Annual Perseid meteor shower could put on quite a show this year

Published: Aug. 11, 2016 at 7:35 PM CDT

The meteors are created as the Earth passes through a cloud of ice and dust left behind from comet Swift-Tuttle.  The comet debris enters Earth's atmosphere at high speeds creating streaks of bright light as the small pieces burn up.  The Perseids are known for producing fast and bright meteors and even the occasional fireball streaking across the night sky. An extra tug of gravity from Jupiter's orbit this year will help to push the Swift-Tuttle comet dust a bit closer to Earth which could give a burst of activity.

Meteors will be possible all night, but are expected to be most numerous after midnight and through the pre-dawn hours Friday morning.  As many as 90-100 meteors per hour are possible at the peak late tonight, but if the astronomical conditions are just right meteor rates could be up to 200 per hour.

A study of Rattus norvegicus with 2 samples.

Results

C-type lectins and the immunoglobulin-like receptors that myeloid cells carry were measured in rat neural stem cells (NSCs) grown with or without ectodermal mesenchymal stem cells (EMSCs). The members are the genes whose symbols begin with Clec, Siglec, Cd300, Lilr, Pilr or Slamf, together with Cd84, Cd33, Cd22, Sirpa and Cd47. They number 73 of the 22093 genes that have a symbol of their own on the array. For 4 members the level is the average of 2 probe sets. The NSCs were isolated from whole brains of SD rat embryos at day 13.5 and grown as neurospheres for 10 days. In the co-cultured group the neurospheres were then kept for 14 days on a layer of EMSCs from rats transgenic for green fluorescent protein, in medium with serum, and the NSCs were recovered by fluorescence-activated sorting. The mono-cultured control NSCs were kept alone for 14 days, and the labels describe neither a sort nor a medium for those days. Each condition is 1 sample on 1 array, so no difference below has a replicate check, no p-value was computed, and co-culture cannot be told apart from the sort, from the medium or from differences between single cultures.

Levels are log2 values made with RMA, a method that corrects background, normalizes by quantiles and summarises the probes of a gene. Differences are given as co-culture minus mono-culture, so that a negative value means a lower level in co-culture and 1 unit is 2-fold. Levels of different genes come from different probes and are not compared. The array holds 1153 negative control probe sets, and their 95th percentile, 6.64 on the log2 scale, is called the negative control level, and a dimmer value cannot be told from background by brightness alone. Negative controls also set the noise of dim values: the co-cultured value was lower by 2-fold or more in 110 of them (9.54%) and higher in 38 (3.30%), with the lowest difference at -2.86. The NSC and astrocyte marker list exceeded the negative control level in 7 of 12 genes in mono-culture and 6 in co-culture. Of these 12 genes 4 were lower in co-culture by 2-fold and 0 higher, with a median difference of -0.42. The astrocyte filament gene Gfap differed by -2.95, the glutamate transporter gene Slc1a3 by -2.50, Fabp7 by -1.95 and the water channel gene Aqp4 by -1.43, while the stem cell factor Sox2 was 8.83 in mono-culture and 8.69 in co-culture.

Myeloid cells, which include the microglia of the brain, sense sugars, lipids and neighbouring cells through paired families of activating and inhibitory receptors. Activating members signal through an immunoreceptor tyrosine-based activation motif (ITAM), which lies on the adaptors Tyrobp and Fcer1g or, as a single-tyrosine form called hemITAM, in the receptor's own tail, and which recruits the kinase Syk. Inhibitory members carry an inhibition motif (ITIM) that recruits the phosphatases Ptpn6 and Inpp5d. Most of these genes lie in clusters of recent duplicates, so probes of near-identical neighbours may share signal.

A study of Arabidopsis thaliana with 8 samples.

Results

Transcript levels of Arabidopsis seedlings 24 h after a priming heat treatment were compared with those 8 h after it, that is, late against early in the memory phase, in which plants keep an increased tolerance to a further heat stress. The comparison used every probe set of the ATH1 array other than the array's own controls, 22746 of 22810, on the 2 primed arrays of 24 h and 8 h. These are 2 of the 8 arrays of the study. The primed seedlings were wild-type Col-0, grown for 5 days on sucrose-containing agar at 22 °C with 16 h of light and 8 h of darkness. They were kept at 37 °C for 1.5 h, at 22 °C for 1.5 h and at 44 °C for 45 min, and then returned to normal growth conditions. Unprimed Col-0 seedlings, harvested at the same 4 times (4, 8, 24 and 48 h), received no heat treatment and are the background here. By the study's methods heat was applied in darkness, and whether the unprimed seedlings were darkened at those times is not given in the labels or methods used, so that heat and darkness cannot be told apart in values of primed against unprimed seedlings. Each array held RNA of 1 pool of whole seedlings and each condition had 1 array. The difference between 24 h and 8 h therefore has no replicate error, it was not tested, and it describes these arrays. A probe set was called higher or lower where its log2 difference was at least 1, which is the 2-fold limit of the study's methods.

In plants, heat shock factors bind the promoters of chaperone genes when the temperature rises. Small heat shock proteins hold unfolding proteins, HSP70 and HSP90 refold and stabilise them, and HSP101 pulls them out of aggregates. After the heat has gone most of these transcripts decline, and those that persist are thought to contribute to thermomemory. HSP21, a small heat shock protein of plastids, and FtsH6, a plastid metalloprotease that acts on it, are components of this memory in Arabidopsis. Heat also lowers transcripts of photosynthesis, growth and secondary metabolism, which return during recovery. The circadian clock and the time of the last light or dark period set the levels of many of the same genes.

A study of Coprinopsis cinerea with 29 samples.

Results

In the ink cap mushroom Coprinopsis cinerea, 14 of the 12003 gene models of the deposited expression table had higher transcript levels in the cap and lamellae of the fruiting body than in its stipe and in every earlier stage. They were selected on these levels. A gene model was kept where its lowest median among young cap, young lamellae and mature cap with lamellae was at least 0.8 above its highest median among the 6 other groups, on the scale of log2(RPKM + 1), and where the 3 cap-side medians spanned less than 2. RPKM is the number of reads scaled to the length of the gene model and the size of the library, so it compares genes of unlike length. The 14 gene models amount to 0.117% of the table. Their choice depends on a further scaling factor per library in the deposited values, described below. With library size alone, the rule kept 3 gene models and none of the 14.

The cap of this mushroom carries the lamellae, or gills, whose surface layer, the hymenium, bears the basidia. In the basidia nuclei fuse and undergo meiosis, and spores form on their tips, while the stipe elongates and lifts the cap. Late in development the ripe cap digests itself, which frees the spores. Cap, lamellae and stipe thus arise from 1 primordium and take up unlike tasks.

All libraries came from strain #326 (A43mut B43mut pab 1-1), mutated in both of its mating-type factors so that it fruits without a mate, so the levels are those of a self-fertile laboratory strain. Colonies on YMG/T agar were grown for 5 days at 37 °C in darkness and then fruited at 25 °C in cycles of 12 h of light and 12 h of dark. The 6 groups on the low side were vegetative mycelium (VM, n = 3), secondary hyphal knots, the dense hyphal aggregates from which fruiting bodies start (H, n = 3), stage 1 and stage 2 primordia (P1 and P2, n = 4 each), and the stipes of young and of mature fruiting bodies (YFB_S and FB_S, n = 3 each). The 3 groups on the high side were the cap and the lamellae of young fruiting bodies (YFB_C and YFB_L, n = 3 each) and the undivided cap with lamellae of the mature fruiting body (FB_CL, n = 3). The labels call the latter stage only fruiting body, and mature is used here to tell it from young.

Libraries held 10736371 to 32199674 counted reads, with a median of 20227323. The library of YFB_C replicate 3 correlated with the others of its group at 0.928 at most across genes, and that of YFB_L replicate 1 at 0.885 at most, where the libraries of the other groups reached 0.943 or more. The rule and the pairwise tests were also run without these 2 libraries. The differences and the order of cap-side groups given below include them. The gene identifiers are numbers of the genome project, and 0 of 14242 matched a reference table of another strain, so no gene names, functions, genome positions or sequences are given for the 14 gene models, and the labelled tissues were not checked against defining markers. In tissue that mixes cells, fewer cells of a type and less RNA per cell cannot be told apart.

The meteor shower is best viewed away from city lights which will obscure all but the brightest meteors.  To view the shower just lie back and look up in the sky toward the northeast.  The meteors will appear to emanate from the constellations Perseus (hence the name) and Cassiopeia.

Clouds tonight may obscure the display in parts of the ArkLaTex. For stargazers experiencing cloudy skies, or unable to get away from city lights, a live broadcast of the Perseid meteor shower will be available via NASA's Ustream channel overnight on Aug. 11-12 and Aug. 12-13, beginning at 9 p.m. CDT.